NORMAN — The Diner, like many Norman restaurants, is a hub for good food and social interaction, but that's coming to a temporary halt tonight when Mayor Breea Clark's proclamation takes affect.
The proclamation, which calls for the closure of all restaurants and bars starting at midnight, will have a major impact on company revenue and the earnings of wait staff who rely on generous tips from customers.
"It will hurt our girls," The Diner manager Kimen Allen said. "Their tips are a good bit of money. Our customers are good to us and are very loyal."
The mayor's order to close all restaurants is forcing The Diner, 213 E. Main St., to rely on take-out orders and delivery, Allen said The Diner uses Postmates, a food delivery service.
Still, Allen knows revenue will take a nosedive because of the required closings and social distancing mandate.
"We're not going to run in a day with to-go business what we would with dine-in," she said. "It will be significant."
There's also the issue of cutting hours for some employees.
At The Diner, Allen will use a skeleton crew with a cook, dishwasher and someone to answer the telephone for take-out orders. Typically, the restaurant would have five people on most weekdays and nine employees on the weekends.
"Some people won't be working at all," Allen said.
Still, some customers have promised to call in orders.
"What people like about us is this place is comforting and our girls know the customers," Allen said.
One customer who ate at The Diner Tuesday morning already went through the COVID-19 scare in Europe. Robert Wheelis, who is from Oklahoma, currently lives in Albania and owns a coffeeshop there.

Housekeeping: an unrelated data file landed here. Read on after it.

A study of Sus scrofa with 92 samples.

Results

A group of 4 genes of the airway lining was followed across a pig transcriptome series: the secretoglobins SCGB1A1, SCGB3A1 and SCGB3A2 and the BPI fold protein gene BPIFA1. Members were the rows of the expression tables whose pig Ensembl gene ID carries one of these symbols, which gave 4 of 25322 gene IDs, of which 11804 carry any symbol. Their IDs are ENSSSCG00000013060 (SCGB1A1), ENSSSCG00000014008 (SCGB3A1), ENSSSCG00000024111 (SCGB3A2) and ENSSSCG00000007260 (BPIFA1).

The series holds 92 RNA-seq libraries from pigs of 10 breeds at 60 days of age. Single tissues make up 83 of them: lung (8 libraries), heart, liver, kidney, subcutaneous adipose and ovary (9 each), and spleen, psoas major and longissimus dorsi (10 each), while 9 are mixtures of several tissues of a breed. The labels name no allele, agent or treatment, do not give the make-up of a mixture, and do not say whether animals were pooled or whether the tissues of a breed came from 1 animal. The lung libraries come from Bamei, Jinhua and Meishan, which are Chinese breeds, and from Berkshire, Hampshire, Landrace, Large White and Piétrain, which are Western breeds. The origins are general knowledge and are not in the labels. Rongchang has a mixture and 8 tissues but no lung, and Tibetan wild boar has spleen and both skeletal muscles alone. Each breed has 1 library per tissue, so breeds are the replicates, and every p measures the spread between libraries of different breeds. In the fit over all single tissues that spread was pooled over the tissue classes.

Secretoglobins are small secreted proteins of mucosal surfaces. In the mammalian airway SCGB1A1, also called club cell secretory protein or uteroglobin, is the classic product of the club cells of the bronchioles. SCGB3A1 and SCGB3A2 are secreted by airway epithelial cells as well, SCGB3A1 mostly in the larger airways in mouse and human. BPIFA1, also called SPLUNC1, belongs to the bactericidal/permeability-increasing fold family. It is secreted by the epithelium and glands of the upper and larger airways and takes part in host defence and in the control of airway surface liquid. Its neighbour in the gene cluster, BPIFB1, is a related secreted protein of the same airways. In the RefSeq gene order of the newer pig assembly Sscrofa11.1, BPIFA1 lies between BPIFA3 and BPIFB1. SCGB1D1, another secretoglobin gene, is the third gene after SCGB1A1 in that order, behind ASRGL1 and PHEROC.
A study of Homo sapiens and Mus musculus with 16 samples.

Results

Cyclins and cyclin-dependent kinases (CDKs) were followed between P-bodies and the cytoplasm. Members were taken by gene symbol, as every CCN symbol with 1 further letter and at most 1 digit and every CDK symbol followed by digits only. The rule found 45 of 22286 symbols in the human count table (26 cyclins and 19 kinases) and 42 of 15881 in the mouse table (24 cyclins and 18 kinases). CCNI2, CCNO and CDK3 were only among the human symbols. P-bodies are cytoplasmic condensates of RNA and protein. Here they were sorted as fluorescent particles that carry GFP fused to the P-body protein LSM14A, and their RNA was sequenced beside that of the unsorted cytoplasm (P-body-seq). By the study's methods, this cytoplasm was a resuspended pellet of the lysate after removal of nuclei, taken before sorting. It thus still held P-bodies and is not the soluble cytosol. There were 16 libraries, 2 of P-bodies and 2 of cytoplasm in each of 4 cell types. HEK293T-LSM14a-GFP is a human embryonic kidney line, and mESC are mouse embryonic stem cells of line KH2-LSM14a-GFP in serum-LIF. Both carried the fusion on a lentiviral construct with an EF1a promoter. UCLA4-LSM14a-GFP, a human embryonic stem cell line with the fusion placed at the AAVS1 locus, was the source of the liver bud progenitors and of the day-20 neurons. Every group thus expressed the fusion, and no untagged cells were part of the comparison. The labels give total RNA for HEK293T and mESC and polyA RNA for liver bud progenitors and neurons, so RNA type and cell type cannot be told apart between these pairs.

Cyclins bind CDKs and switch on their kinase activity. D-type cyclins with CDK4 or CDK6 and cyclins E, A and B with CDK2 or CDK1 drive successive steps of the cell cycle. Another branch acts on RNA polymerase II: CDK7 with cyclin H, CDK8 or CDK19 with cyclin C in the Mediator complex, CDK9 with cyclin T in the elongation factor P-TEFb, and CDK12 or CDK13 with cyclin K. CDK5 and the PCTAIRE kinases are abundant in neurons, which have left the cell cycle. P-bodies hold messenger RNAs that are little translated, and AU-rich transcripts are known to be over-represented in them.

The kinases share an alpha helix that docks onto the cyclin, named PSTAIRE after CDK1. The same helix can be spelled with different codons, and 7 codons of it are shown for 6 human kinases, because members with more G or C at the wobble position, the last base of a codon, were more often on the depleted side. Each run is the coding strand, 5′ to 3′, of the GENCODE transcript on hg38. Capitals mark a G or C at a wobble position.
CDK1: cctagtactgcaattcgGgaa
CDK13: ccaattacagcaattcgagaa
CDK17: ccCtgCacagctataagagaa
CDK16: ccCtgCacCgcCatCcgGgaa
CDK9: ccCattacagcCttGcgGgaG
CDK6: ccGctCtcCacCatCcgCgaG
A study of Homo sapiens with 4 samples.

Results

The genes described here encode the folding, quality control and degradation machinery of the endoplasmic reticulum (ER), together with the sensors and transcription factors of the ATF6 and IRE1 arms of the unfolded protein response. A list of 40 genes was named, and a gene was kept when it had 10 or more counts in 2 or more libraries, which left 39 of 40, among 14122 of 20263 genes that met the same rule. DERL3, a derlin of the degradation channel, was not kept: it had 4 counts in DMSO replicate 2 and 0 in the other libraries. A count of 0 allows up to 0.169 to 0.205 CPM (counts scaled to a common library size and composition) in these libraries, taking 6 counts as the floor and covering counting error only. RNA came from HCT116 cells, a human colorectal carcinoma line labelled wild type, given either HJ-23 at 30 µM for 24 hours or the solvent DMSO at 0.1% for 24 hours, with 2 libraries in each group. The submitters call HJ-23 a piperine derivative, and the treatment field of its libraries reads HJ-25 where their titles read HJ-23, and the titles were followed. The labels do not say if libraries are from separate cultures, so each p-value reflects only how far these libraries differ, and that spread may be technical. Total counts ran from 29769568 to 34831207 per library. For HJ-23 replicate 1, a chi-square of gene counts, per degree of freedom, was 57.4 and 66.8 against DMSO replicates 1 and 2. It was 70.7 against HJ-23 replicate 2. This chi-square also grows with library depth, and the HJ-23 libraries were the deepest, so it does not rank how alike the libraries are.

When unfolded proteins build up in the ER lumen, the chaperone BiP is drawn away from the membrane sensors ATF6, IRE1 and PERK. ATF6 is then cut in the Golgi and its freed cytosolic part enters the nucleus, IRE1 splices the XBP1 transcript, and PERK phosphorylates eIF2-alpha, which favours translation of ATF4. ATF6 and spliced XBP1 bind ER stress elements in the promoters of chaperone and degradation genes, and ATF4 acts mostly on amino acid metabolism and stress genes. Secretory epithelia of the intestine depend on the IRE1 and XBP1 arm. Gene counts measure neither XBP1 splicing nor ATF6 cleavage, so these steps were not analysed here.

He was in Norman this week to visit his son, who attends the University of Oklahoma.
"If I had decided to leave one day later, I would still be in Albania," he said. "We went through over in Albania what the United States is going through now."
During that time, businesses shut down and people were not allowed to congregate in public, Wheelis said.
"You could ride your bike or walk, but you couldn't stop and talk to anyone," he said. "It's fascinating here. You're able to watch it escalate as it did there. I can see what's coming before it happens. It's followed the pattern I thought it would. America is responding similar to Albania, but America is not prepared to move as fast because of the way it affects the economy."
Meanwhile, owners at the Meating Place on Main Street is trying to adapt to local requirements set by the mayor. Co-owner P.J.
Taylor is fortunate the restaurant has a food truck that will help provide an alternate source of revenue during the closure period.
"We're trying to find a spot for the truck," he said.
The Meating Place also will provide to-go orders and delivery with Uber Eats.
"It will have a substantial impact, but we're thankful we have the food truck as another source of revenue the next two weeks," Taylor said.
Tips received from the to-go orders and deliveries will be split among the restaurant's servers and bartenders as a way to mitigate the loss of restaurant customers.
Restaurants and businesses that offer or will offer takeout or delivery services can register to be included on a list composed by the Norman Chamber of Commerce.
"We have set up a page on our website, specifically dealing with the COVID-19 crisis," Norman Chamber of Commerce Executive Director Scott Martin told the city council Monday. "We have a button (page) there with multiple resources for businesses to avail themselves of starting tomorrow (Tuesday)."
The chamber also is offering an online forum for businesses that need help adapting their model to the crisis and are putting together financial teams to help owners navigate their way to apply for low interest loans from the Small Business Administration.
Staff writer Mindy Ragan Wood contributed to this story.